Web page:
Charles G. Dawes: Nobel Prize Winner, Vice President, U.S. Ambassador to Great Britain, Accomplished Musician and Composer
Dawes was only 33 years of age when he became Comptroller in 1898. But he had already built a reputation as a leading student of U.S. financial history, largely on the strength of his book, The Banking System of the United States, which was published in 1884. It was the first of nine books he wrote in his lifetime.
Dawes served an abbreviated term as Comptroller. But his tenure came at a critical time for the national banking system, which was still recovering from the Panic of 1893. Dawes proposed a series of measures designed to bring depositors back into the banks and increase the availability of banking services in smaller communities that had long gone without them. He also took steps to strengthen OCC supervision, which he saw as essential to restoring public confidence in the banks.
When Dawes left the OCC, he was only 36 years old, and his most important achievements were still ahead of him. He founded and ran a major financial institution, the Central Trust Company of Illinois. When the United States entered World War I, he joined General Pershing's staff, where he developed an integrated supply and distribution system for the American Expeditionary Force. He was discharged as a Brigadier General.
In 1924, Germany was lagging behind in the payment of reparations required under the Treaty of Versailles, and the Allied nations appointed Dawes to propose ways to restructure Germany's financial obligations. For developing the plan that bore his name, Dawes was awarded the 1925 Nobel Peace Prize.
He was elected Vice-President of the United States on the Coolidge ticket in 1924, and after leaving office four years later, President Hoover appointed him Ambassador to Great Britain. He later served as a U.S. delegate to various international conferences and as chairman of the Reconstruction Finance Corporation, a government agency created in 1932 to make emergency loans to financial, industrial, and agricultural institutions during the Great Depression.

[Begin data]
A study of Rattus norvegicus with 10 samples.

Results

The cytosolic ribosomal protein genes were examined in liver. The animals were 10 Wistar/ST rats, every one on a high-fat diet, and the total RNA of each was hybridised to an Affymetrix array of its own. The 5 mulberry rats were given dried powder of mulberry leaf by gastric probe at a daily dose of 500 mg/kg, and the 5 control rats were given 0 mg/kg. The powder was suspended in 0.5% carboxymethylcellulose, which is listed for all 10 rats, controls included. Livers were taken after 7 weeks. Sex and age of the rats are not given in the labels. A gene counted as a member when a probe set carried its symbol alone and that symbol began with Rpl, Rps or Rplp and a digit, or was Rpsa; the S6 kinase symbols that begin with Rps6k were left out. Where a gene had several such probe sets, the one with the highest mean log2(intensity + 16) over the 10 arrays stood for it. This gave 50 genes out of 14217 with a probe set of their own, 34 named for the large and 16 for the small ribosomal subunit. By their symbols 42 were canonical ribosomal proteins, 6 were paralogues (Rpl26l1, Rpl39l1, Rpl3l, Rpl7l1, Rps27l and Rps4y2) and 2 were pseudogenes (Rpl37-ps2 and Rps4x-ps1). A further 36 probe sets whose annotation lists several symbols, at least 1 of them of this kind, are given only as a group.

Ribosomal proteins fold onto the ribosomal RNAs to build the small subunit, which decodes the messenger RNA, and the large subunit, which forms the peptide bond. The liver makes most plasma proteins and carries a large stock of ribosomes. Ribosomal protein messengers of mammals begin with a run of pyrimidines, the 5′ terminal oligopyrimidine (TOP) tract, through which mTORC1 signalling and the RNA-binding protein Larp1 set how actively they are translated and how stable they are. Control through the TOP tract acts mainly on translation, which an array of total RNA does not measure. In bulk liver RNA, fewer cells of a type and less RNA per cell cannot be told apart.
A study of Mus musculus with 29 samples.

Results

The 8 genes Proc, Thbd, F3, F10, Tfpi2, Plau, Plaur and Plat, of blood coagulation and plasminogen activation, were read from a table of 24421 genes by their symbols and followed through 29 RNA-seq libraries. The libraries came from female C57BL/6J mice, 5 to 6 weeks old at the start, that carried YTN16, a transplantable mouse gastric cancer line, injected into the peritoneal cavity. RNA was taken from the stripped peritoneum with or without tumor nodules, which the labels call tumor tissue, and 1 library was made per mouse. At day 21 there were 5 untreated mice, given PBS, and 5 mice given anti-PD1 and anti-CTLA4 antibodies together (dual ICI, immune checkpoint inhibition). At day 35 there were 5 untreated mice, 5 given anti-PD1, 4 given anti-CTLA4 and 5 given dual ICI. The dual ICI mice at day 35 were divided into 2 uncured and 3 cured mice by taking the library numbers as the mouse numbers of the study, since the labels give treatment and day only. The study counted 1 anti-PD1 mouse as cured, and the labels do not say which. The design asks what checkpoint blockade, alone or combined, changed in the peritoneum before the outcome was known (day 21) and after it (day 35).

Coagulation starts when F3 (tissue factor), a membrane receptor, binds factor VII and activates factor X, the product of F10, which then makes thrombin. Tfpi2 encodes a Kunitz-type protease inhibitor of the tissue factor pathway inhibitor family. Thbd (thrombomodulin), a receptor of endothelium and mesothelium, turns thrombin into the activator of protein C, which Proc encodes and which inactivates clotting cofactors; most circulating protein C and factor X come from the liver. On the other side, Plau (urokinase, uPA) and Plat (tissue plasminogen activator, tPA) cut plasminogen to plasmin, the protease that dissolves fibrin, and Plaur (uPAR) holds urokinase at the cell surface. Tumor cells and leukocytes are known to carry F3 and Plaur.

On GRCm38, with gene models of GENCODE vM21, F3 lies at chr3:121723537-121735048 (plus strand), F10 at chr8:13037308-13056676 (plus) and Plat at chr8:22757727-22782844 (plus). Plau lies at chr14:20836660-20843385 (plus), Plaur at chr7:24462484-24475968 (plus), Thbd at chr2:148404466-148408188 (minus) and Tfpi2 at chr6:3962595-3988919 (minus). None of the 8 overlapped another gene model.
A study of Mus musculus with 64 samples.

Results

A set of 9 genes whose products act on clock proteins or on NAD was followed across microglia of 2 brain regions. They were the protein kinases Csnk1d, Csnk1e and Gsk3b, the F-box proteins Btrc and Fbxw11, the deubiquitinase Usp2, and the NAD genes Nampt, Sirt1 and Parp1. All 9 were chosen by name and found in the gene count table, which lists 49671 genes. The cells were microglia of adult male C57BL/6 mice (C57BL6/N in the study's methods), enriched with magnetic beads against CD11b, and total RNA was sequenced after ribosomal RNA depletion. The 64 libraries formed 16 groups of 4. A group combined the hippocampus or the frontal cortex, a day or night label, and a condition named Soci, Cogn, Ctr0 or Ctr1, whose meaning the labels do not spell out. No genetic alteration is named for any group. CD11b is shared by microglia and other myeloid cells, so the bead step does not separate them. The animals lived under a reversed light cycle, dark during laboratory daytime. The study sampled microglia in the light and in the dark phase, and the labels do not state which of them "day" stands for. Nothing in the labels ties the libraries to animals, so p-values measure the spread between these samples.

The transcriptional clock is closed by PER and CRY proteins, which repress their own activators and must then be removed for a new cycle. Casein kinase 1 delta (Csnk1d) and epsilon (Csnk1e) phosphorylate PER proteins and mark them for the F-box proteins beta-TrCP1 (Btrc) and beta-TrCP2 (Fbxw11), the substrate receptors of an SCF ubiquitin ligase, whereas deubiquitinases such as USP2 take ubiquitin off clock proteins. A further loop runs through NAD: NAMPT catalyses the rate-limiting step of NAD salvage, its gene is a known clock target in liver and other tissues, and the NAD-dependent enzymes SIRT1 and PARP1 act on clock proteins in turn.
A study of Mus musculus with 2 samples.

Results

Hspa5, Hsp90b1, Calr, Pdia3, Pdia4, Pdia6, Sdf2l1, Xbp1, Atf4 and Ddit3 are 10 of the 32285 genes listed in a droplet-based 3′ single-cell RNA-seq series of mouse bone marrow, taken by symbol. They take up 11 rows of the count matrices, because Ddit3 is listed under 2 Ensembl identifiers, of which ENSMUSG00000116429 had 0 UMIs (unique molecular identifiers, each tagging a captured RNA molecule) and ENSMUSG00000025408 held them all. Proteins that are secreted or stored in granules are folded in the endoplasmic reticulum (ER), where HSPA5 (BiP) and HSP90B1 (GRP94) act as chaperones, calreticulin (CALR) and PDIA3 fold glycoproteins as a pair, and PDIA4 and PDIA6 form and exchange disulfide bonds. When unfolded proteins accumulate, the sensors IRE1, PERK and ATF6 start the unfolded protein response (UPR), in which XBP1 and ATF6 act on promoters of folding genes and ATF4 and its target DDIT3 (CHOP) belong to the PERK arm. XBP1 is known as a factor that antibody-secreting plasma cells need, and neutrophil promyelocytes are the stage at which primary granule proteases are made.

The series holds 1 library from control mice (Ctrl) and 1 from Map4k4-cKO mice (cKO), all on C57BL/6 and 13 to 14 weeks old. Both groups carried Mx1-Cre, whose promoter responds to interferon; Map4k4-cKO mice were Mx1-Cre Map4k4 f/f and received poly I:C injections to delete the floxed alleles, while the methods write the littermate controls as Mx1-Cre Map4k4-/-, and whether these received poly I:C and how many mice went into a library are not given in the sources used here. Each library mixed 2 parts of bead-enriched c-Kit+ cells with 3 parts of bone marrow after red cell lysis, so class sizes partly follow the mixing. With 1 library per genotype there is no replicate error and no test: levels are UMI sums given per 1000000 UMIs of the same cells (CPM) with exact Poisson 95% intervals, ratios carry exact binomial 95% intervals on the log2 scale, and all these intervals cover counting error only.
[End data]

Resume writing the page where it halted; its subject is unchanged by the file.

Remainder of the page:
Dawes' first love, however, was music. Visitors to his Chicago-area home would often find him at the piano, plunking out tunes and making up a few himself. He was particularly proud of a melody in the key of A, which he shared one day in 1911 with a musician-friend. Some months later, strolling down State Street, he was shocked to see in the window of a music shop "a poster size picture of myself, my name plastered all over the window in large letters and the window space entirely filled with the sheet music."
The tune had become a hit—much to Dawes's consternation. He was afraid he'd be taken less seriously as a banker and politician. It made him wince when the tune was played to greet him during campaign stops for the vice presidency. But music has a life of its own, and Dawes's "Melody" has had a long life in various guises: as a cadenza in the repertoire of classical violinist Fritz Kreisler, in versions for orchestra, and with lyrics and a new title "It's All in the Game," as a number-one hit song for vocalist Tommy Edwards in 1958.
Listen to it online. And when you do, think about the Comptroller who wrote it.